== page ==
Antitrust Regulation Of Copyright Markets

By Jacob Noti-Victor & Xiyin Tang, Yeshiva University & Yale Law School

Late last year, a federal court sided with the Department of Justice and blocked the planned merger of book publishers Simon & Schuster and Penguin Random House. The decision was a rare collision between antitrust law and the deeply consolidated copyright content industries. Over the course of the past decade, acquisitions and mergers in the recording, music publishing, and audiovisual space have left just a handful of juggernaut content producers in their wake. Moreover, new technology companies that have entered the content-creation and distribution markets have begun to leverage their scale to further their own industry consolidation.

This Article examines the growing competition problems in the copyright industries and argues that, despite a resurgent interest in antitrust enforcement among policymakers, antitrust alone has not provided adequate solutions. Indeed, in the aftermath of the DOJ’s victory against Penguin Random House, the publishing industry is now predicting that Simon & Schuster will simply be stripped and sold for parts, hurting author compensation while doing little to stop industry concentration. Copyright law—including its collection of safe harbors, compulsory licenses, and other industry-regulating regimes— also appears unable to meaningfully address the current reality.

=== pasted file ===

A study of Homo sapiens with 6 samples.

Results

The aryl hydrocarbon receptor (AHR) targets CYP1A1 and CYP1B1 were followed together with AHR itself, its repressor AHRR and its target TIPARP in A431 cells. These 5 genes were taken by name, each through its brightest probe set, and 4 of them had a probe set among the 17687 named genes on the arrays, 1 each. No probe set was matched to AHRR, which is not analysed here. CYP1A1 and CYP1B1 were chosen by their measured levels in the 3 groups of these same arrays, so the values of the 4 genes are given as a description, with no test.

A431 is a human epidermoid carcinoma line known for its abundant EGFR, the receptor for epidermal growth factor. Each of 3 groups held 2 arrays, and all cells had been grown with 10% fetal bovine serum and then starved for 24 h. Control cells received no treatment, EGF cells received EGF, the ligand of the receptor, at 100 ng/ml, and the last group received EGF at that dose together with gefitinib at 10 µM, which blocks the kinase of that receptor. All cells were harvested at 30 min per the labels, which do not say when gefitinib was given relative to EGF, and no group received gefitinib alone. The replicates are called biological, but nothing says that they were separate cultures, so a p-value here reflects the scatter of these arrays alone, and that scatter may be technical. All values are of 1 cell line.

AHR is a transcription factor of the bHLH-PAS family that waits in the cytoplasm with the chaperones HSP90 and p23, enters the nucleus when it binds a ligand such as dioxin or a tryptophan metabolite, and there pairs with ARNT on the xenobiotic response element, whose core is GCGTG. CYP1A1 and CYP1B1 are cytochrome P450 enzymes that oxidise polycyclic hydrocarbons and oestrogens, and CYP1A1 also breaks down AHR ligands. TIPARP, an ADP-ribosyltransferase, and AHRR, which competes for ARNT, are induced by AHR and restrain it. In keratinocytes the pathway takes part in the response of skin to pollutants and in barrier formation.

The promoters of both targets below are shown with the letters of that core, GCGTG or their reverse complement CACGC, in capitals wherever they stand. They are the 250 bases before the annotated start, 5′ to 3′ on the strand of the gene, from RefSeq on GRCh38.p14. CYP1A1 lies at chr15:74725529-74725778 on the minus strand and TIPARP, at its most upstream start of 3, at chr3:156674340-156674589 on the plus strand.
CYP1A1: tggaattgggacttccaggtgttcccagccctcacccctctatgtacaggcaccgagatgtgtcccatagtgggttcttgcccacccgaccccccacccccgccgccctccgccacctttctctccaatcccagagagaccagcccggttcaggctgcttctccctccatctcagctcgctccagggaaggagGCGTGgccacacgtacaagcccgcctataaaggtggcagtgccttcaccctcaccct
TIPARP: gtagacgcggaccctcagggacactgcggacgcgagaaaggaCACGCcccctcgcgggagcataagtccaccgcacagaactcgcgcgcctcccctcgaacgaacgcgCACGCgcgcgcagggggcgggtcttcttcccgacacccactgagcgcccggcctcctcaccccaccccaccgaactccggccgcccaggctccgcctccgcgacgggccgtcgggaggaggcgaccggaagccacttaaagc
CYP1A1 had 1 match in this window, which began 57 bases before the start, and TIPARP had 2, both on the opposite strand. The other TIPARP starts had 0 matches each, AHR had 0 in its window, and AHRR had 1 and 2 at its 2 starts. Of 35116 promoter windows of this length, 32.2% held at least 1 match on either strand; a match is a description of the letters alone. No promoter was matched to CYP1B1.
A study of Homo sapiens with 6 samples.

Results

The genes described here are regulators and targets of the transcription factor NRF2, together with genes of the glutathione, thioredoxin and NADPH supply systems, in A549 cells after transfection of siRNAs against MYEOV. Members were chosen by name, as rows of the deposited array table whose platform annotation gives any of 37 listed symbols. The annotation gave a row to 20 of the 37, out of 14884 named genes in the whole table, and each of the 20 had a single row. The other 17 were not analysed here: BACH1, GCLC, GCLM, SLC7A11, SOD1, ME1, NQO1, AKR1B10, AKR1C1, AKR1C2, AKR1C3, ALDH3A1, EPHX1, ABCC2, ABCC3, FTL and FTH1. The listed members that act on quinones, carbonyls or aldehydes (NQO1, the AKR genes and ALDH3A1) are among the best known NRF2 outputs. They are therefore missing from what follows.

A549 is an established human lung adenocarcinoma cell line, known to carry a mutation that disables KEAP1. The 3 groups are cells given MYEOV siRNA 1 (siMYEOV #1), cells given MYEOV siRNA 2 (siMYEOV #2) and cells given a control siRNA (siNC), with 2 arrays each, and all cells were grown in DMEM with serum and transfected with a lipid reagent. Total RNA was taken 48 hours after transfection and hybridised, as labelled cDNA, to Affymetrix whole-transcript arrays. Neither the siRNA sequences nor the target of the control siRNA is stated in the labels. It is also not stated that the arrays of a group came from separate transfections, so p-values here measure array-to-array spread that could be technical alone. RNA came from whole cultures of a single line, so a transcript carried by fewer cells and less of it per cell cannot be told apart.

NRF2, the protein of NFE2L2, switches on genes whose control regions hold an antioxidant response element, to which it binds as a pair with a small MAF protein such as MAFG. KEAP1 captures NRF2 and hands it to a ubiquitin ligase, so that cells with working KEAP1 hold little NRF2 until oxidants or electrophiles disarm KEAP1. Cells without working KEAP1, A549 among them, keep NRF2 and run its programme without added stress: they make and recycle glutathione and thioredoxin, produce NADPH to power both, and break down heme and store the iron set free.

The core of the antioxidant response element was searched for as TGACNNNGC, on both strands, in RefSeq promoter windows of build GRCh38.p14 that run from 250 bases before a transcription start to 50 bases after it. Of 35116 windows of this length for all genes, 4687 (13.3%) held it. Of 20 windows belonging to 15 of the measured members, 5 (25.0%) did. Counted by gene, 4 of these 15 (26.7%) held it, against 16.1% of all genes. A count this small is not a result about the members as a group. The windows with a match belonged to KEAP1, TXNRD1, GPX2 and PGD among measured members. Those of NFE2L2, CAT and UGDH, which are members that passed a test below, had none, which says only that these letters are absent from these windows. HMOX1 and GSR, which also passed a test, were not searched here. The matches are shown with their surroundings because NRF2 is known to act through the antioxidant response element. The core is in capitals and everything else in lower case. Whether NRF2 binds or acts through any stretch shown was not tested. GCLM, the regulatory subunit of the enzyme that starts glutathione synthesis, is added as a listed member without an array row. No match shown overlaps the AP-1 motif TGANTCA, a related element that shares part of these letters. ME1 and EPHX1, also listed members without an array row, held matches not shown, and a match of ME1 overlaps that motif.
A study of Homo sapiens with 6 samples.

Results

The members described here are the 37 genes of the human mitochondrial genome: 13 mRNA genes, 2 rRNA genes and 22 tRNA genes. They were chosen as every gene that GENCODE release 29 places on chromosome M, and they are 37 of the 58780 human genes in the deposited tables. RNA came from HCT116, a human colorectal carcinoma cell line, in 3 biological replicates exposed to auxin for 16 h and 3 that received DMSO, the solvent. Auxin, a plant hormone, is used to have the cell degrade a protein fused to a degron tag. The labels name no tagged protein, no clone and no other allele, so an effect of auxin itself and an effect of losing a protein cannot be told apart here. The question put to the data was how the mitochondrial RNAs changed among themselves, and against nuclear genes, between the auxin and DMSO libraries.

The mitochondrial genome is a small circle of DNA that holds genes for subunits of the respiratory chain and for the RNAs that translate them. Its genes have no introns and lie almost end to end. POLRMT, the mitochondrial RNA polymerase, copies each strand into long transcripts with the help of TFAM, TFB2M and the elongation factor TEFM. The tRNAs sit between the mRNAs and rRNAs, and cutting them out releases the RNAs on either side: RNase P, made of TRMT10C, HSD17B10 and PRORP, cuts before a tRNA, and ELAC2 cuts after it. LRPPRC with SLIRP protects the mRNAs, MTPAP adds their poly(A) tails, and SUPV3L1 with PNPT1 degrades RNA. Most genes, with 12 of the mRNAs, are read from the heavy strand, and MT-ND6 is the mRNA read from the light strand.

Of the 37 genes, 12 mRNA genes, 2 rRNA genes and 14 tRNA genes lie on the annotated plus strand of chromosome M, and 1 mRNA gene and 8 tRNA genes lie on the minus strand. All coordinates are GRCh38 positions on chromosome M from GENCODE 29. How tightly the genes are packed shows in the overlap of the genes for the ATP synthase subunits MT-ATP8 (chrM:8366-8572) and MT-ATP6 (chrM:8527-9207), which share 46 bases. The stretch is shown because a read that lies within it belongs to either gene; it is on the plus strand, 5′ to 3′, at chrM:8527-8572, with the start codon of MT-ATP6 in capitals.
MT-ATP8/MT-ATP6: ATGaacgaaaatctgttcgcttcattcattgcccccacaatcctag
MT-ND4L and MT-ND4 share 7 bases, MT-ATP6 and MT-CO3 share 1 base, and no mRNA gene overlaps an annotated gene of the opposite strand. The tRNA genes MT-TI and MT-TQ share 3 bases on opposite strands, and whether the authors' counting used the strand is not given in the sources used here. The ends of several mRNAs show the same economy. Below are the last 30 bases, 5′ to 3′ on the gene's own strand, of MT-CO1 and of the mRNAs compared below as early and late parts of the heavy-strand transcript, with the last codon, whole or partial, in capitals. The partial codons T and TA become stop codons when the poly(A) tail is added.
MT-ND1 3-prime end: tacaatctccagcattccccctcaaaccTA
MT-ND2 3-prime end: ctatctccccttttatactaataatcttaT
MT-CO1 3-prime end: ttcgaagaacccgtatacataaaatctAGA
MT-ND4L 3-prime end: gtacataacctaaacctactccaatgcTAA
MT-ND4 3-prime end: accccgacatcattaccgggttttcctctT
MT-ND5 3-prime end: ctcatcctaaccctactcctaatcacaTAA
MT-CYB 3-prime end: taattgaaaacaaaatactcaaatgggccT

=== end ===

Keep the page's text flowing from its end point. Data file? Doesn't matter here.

The Article argues that antitrust and copyright law cannot work in silos. To find a way forward, we shine a spotlight on an underexplored legal regime: the antitrust consent decrees that continue to regulate certain licensing markets in the music industry by subjecting the organizations ASCAP and BMI to rate setting by the federal courts. We draw on this unusual system—perhaps the only example of antitrust regulation that has directly incorporated a concern with copyright’s policy agenda— to propose a new regulatory model based not on discrete, one-off interventions (such as blocking a merger), but rather full regulation of the licensing practices in concentrated content markets. As the consent decree model shows, copyright and competition law can work in tandem, ensuring that antitrust regulation of the creative-content space remains sensitive to copyright’s overarching goals of incentivizing creativity and ensuring public access to cultural works.